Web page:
If your basement is damp or relatively wet, then your water heater may corrode relatively quickly. Water heaters are steel tanks that are lined internally with a glass material. The glass keeps the inside of the container from rusting. Enamel paint is utilized to cover the outside of the container, and this helps to protect the exterior from corrosion as well. However, the enamel paint can crack, scratch, and flake off the water heater over time. This leaves the steel exposed and susceptible to moisture and oxygen. If your basement is already humid or if the floor is wet, then corrosion is far more likely to occur.
You can prevent corrosion issues before they start by placing a dehumidifier in the space. A large device is a good option for your basement. Think about finding an appliance that can remove about 50 or 60 pints of water a day. Also, make sure the device has a humidity gauge on the front so you can track the relative moisture levels in the air. Ideally, you should try to keep humidity somewhere between about 30% and 50% to reduce water heater rust concerns. Once you secure the dehumidifier, make sure to empty out the fill bucket every day. The device will stop working once the bucket fills, so it does not overflow, but this means that water is not being removed from the air.
Set Up a Stand
Another good way to keep moisture away from your new water heater is to buy a stand to set the appliance on. If your basement is formed from concrete materials, then water is likely to sit on the floor. Setting the water heater directly on the damp concrete will continually expose the tank to moisture. A stand will elevate the heater a few inches to make sure that any and all exposed steel materials do not sit on the ground.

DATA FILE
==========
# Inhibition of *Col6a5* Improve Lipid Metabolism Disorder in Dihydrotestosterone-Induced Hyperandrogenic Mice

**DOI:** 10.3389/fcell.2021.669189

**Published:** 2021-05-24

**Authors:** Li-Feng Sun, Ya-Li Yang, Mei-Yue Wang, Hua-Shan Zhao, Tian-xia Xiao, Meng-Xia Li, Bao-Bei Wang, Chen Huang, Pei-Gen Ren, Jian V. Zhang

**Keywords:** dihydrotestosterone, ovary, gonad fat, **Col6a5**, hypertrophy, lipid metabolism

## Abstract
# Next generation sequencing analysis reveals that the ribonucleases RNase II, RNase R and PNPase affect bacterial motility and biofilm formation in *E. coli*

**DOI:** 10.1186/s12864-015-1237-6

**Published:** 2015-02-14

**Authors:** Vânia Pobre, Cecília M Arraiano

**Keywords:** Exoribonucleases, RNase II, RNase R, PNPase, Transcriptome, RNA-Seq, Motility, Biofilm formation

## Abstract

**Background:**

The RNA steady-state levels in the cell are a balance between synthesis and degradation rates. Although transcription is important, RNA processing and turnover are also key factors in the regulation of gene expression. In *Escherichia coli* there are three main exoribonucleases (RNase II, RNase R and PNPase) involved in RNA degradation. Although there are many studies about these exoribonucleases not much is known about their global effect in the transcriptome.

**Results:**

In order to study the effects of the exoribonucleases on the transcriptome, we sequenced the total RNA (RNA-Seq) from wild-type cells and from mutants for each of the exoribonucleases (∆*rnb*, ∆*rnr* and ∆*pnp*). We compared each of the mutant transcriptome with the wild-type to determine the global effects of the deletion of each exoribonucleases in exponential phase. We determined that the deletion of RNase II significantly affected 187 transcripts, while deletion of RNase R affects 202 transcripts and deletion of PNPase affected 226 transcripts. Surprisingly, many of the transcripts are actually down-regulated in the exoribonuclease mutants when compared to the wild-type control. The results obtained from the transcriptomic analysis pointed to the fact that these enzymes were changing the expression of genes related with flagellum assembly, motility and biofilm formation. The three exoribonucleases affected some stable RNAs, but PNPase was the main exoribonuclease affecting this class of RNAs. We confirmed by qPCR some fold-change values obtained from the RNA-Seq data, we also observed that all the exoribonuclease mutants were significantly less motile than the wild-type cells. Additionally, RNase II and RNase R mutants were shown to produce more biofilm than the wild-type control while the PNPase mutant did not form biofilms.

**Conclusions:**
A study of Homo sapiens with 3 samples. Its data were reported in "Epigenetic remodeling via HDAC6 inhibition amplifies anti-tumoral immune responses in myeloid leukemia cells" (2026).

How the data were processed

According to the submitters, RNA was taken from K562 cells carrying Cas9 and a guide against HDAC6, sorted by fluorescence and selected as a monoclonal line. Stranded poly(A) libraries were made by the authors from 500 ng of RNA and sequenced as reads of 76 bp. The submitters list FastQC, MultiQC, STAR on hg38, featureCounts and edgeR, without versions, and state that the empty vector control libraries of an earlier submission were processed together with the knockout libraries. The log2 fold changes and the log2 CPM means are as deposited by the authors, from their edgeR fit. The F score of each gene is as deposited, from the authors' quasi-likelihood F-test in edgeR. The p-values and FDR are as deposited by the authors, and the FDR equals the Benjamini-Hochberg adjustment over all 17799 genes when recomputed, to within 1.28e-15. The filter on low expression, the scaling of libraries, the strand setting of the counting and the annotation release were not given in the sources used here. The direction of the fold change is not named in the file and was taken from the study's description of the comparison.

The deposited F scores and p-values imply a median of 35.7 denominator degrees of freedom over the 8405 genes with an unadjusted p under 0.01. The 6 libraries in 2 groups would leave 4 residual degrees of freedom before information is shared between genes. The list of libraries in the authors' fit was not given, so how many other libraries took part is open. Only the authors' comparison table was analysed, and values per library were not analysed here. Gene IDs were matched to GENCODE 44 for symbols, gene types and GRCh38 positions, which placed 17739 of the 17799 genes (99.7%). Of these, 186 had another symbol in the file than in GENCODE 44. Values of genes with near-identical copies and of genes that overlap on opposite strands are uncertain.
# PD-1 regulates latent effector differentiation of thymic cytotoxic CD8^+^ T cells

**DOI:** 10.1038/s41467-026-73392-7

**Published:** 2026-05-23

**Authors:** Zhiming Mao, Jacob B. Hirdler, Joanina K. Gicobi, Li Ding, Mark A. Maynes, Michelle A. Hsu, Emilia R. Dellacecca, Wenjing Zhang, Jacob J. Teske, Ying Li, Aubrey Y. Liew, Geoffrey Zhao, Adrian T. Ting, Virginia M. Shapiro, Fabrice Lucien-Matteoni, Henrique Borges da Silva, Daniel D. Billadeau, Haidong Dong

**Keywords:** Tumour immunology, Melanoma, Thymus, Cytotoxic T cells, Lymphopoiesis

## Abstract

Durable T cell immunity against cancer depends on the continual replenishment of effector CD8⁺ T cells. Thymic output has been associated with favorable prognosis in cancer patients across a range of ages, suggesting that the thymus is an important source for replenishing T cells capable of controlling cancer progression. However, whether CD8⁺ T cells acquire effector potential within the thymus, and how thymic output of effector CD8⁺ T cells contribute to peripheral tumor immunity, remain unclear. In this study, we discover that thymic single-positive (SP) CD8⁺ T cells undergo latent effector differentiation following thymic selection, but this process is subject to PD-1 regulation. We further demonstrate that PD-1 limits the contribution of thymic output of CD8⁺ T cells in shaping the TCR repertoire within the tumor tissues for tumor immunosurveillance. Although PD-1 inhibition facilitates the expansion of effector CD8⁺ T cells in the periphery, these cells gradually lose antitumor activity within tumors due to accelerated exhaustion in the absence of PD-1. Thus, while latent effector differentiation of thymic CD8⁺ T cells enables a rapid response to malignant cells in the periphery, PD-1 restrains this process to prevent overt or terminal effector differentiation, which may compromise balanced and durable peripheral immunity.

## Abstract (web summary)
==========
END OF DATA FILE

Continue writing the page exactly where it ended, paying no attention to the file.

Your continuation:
If you want to purchase a water heater stand, think about locating a steel device that looks similar to a small table. Also, a stand with a recessed base and criss-crossed metal beams may be a good choice. These types of stands will distribute the weight of the water heater across the metal materials. If you see stands that look like stools or if they appear to have thin legs, then do not buy these items. They can tip over easily and cause a great deal of damage.
Find the Perfect Spot
Once you have taken care of water issues and concerns, find the best spot for your water heater. Water heaters need to be wired to your fuse box, and your installation expert will place a new fuse inside that connects to the appliance. The wiring secured to the fuse box is attached to the water heater thermostat and electricity is pulled when the heater must turn on. Your water heater installation expert will provide the wiring and the new fuse, but there may be an issue if the water heater is too far away from your fuse box.
Not only should the heater be placed next to the electrical box, but it should be set directly underneath available hot and cold water lines. Either copper of PVC piping will be used, and your contractor will utilize tees, elbows, couplings, and flexible supply lines to hook up the heater. Connections can be difficult and a variety of expensive materials may need to be used if the heater is set too far away from your water pipes.
If you need a new water heater, then you should contact a professional to place the appliance. If the work is considered a brand new install, then follow the tips in this article to prepare for the placement of the device.